I have a web application with heavy JS scripts (by heavy I mean lots of client processing which can’t be done on the server side).
After 1 hour or so (not constant) of processing I get Chrome’s “Aw, Snap!” error, I have debugged as suggest in https://superuser.com/questions/607563/how-to-determine-what-is-causing-chrome-to-show-the-aw-snap-dialogue and I noticed that everytime I get the error, the log is prompting
WARNING:audio_sync_reader.cc(177)] ASR: No room in socket buffer.
I strongly believe that I am kind of running out of memory, because if I open other tabs after this error I get others “Aw, Snap!”.
However, considering that my JS script is long and it takes a long time to throw the error, how can I identify which piece of code is raising it?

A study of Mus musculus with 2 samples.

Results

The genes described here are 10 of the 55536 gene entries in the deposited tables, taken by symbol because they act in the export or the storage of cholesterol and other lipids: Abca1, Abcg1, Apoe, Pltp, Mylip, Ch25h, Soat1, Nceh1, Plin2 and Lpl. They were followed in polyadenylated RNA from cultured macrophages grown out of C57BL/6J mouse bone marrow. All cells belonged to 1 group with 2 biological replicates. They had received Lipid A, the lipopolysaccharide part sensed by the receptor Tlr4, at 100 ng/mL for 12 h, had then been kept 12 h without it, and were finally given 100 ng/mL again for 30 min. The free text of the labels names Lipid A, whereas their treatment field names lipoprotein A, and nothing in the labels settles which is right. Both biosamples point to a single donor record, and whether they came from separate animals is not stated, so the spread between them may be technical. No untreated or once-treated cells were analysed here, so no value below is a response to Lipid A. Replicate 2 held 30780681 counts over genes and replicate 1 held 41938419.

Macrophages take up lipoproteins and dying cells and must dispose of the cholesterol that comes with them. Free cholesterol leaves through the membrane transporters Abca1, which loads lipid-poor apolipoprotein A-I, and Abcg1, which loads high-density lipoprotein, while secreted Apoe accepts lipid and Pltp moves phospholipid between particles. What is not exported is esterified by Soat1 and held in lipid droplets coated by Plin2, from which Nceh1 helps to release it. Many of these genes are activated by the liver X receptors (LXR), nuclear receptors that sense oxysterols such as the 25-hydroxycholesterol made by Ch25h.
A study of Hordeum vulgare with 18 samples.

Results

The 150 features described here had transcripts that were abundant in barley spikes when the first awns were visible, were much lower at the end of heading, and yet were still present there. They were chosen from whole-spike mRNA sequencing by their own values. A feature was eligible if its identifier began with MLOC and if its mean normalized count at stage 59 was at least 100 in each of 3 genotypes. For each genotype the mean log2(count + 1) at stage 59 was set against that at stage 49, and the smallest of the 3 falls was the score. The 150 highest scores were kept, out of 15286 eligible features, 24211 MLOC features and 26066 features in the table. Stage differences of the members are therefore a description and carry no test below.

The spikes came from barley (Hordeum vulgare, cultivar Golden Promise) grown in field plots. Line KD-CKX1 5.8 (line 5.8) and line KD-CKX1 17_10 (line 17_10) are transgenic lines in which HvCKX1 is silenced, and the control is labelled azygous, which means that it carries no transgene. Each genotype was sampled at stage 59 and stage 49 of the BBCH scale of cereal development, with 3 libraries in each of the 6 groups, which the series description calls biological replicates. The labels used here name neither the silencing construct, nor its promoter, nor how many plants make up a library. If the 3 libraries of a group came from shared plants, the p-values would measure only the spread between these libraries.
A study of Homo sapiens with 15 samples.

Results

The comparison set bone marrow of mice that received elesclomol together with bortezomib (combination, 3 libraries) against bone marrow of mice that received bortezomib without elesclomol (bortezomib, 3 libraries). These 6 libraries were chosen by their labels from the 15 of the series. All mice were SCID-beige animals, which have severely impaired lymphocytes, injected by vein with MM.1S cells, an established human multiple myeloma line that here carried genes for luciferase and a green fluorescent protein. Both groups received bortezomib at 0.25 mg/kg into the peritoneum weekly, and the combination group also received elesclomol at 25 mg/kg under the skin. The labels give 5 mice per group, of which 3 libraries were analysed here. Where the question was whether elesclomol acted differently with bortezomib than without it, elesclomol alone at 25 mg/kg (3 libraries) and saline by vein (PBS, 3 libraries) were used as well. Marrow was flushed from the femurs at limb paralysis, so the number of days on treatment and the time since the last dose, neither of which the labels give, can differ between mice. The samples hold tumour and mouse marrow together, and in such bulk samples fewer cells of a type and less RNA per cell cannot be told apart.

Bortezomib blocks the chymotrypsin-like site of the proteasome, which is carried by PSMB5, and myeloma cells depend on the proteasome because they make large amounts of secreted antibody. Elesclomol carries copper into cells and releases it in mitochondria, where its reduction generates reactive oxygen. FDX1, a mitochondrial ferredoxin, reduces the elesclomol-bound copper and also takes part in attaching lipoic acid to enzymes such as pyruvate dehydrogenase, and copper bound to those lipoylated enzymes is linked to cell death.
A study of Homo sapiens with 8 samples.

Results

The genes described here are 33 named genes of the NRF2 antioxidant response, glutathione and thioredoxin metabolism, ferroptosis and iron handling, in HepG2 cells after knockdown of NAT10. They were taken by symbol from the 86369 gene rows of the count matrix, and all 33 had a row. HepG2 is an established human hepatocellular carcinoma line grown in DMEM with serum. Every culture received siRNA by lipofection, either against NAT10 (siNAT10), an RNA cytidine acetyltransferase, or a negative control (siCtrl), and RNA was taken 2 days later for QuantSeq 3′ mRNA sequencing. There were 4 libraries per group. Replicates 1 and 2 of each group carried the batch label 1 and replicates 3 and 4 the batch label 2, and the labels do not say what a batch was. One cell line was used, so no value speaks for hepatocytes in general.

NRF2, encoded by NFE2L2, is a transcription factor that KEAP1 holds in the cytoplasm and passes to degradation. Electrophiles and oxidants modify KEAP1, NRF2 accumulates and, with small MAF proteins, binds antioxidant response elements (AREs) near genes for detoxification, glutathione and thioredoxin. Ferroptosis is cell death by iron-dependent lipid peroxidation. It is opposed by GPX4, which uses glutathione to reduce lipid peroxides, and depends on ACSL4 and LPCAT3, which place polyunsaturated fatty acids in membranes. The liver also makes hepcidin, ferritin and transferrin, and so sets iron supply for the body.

PS.: I also have many DOM manipulations (mainly insertions on a table)
Its not necessarily a certain line or a block of code. Its just that your application consumes to much memory. That can be caused by a a memory leak, which you can identify by looking at the debuggers memory tab. If no memory is leaking you should overthink your codes structure.
I had a similar issue:
[0225/064309.871791:WARNING:audio_sync_reader.cc(175)] ASR: No room in socket buffer.: Broken pipe (32)
I was running Chrome in headless mode in a Docker container. The warning above was caused by another memory issue related to the
/dev/shm shared memory space of Linux. This page describes it in more detail:
Docker only allocates 64MB for
/dev/shm. I suppose that Chrome use
/dev/shm to store images (uncompressed) which are loaded by the current browser tab. At least this would explain why Chrome only failed, when the website contained one or more large images. The
ASR: No room in socket buffer. error was only a side-effect of occupying
/dev/shm with the large images.
--disable-dev-shm-usage Chrome command line flag solved this issue.